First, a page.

ISLAMABAD - The senators, mostly from the PPP of opposition benches, yesterday demanded to repeal the law under which National Accountability Bureau (NAB) saying the anti-corruption watchdog was established by a military ruler for ‘political re-engineering and not to end corruption’.

However, the response of the government in Senate was not different from the opposition and treasury lawmakers as Law Minister Zahid Hamid said the government was ‘keen’ to replace the NAB with the National Accountability Commission (NAC) under the historical document of Charter of Democracy (CoD) signed between PPP and the PML-N.

“PM is keen that it should be done as I am under his instructions,” he said.

He said that the government had a policy of zero tolerance against corruption but fell short of impressing the opposition as the leader of the opposition Aitzaz Ahsan dismissed the assertion simply by shaking his head.

Speaking on a motion in the Senate moved by PPP Senator Saeed Ghani to discuss the over performance of NAB, both the ruling PML-N and PPP shifted responsibility on each other for not revamping the bureau and replacing it with NAC as agreed in CoD.

The lawmakers termed the NAB law a ‘black law’ saying it gives absolute powers to chairman of the bureau while the courts have been deprived of their powers of giving bail.

They also opposed the provision of plea-bargain under the law and asked for the formation of a parliamentary committee to revisit the law.

Former chairman Senate and legal expert Farooq H Naek, speaking on the motion, asked for annulment of the NAB Ordinance under which the bureau was formed by then military dictator General (r) Pervez Musharraf.

“Under the law the NAB has powers to arrest any person but courts have no powers to grant bail to any accused,” he said while strongly rejecting the law. Giving his arguments, he said that NAB law was derived from the Provisional Constitutional Order (PCO) during Musharraf era.

“You repealed PCO but did not abolish this law,” he said. He said that both the previous and incumbent governments have failed to do this and proposed that the chairman should constitute a parliamentary committee to look into NAB Ordinance.

Farhatullah Babar alleged the idea behind the establishment of bureau was ‘not to end corruption in the country but to do political re-engineering’.

“Unless the NAB holds accountable the sacred cows [a reference for army], such law will be futile,” he said. Giving an example, Babar said former military dictator did not appear before a special court and got admitted in a military run hospital but when Dr Asim Hussain, a PPP minister, demanded for a medical treatment he was denied.

Earlier, Saeed Ghani pointed out that the chair NAB enjoyed absolute powers, under NAB law, and around a dozen director generals (DGs) of the bureau were working for years in violation of the rules. He alleged that the principal accused in Rs 12 billion financial scam of National Bank of Pakistan (NBP) branch in Bangladesh, Munawar Hussain Gopang, was working for the NAB these days.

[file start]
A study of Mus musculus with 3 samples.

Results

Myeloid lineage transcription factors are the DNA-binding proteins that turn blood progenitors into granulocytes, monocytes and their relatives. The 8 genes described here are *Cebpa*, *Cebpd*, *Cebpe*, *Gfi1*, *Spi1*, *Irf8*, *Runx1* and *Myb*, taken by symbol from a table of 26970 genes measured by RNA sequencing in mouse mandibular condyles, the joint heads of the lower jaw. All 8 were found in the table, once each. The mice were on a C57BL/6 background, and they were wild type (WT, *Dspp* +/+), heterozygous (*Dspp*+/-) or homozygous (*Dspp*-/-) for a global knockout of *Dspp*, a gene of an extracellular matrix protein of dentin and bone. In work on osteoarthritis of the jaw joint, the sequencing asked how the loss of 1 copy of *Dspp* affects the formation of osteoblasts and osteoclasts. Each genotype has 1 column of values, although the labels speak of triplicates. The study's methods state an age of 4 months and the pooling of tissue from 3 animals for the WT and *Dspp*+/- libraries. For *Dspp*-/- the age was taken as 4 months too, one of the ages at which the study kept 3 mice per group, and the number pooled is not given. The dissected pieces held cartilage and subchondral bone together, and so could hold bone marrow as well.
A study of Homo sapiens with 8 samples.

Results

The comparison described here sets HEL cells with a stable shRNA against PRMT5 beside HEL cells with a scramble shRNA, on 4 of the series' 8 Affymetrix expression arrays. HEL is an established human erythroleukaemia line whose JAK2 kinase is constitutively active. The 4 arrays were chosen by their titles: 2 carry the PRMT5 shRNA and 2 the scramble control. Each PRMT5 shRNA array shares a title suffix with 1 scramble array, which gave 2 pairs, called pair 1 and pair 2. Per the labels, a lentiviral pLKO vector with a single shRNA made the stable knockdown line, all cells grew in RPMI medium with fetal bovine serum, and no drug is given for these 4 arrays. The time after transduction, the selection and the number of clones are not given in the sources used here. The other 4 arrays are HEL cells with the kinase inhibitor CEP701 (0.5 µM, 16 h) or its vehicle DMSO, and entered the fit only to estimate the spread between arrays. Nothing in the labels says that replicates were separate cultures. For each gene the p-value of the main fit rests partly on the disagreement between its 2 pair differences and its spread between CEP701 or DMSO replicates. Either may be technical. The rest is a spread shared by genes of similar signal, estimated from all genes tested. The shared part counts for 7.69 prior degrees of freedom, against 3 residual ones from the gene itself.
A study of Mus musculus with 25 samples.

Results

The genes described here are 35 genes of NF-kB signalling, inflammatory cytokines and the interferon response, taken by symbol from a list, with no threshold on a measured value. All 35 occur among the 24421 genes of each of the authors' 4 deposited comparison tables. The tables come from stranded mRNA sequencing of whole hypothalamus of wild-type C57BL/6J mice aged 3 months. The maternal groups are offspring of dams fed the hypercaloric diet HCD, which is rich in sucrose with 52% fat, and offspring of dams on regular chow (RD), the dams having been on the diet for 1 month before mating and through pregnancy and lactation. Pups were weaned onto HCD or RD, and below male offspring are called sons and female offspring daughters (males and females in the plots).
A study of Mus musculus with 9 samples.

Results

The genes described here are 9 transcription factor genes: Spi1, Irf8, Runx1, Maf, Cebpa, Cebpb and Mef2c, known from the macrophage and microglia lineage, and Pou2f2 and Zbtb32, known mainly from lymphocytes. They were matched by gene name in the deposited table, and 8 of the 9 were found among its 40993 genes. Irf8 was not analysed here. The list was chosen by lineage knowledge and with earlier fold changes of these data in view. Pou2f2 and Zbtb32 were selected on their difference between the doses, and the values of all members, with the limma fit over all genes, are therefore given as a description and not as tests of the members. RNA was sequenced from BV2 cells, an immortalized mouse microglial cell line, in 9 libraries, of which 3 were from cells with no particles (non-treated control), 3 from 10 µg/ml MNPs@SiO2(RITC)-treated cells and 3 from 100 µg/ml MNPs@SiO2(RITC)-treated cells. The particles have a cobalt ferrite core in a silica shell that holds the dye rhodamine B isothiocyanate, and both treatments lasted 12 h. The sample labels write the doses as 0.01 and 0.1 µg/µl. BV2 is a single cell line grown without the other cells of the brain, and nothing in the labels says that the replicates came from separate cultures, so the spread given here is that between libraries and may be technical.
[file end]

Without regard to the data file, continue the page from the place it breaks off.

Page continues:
Another PPP Senator Dr Babar Awan said that a proposed bill for making amendments in the NAB law was pending with the parliament. “When both PPP and PML-N had agreed under CoD to disband NAB, why you are sitting idle,” he said and added: “The parliament should not give the impression that it wanted to cover up corruption at a time when Pakistan’s name was in the headlines because of Panama leaks.”

He demanded that those Pakistanis whose names were in the Panama Papers should be disqualified from holding official positions and those arrested who were abroad.

Law Minister Zahid Hamid assured the house that the government would reform the NAB and NAC would be established.

He gave figures relating to performance of the NAB saying, “Apparently, it has good performance as it had recovered Rs 275 billion since its inception. He referred to PPP’s term in office and said that the stance of government at that time was responsible that the draft law was not approved.

“The law was being weakened to the extent that it became unacceptable for us and we gave four dissenting notes,” he added. “Talking about the steps of his government, he said we did not oppose private members bills in the National Assembly over the subject.

Meanwhile, the house rejected a resolution of Tahir Hussain Mashhadi asking government to discontinue the facility of provision of free of cost electricity to the employees of Wapda.

The house adopted a resolution through e-voting system to extend the prime minister’s scheme for provision of opportunities of quality education to the talented students of Balochistan and Fata for another term of five years.

The debate on a motion about implications of departure of General (r) Pervez Musharraf was deferred till the presence of state minister for interior in the house in ongoing session.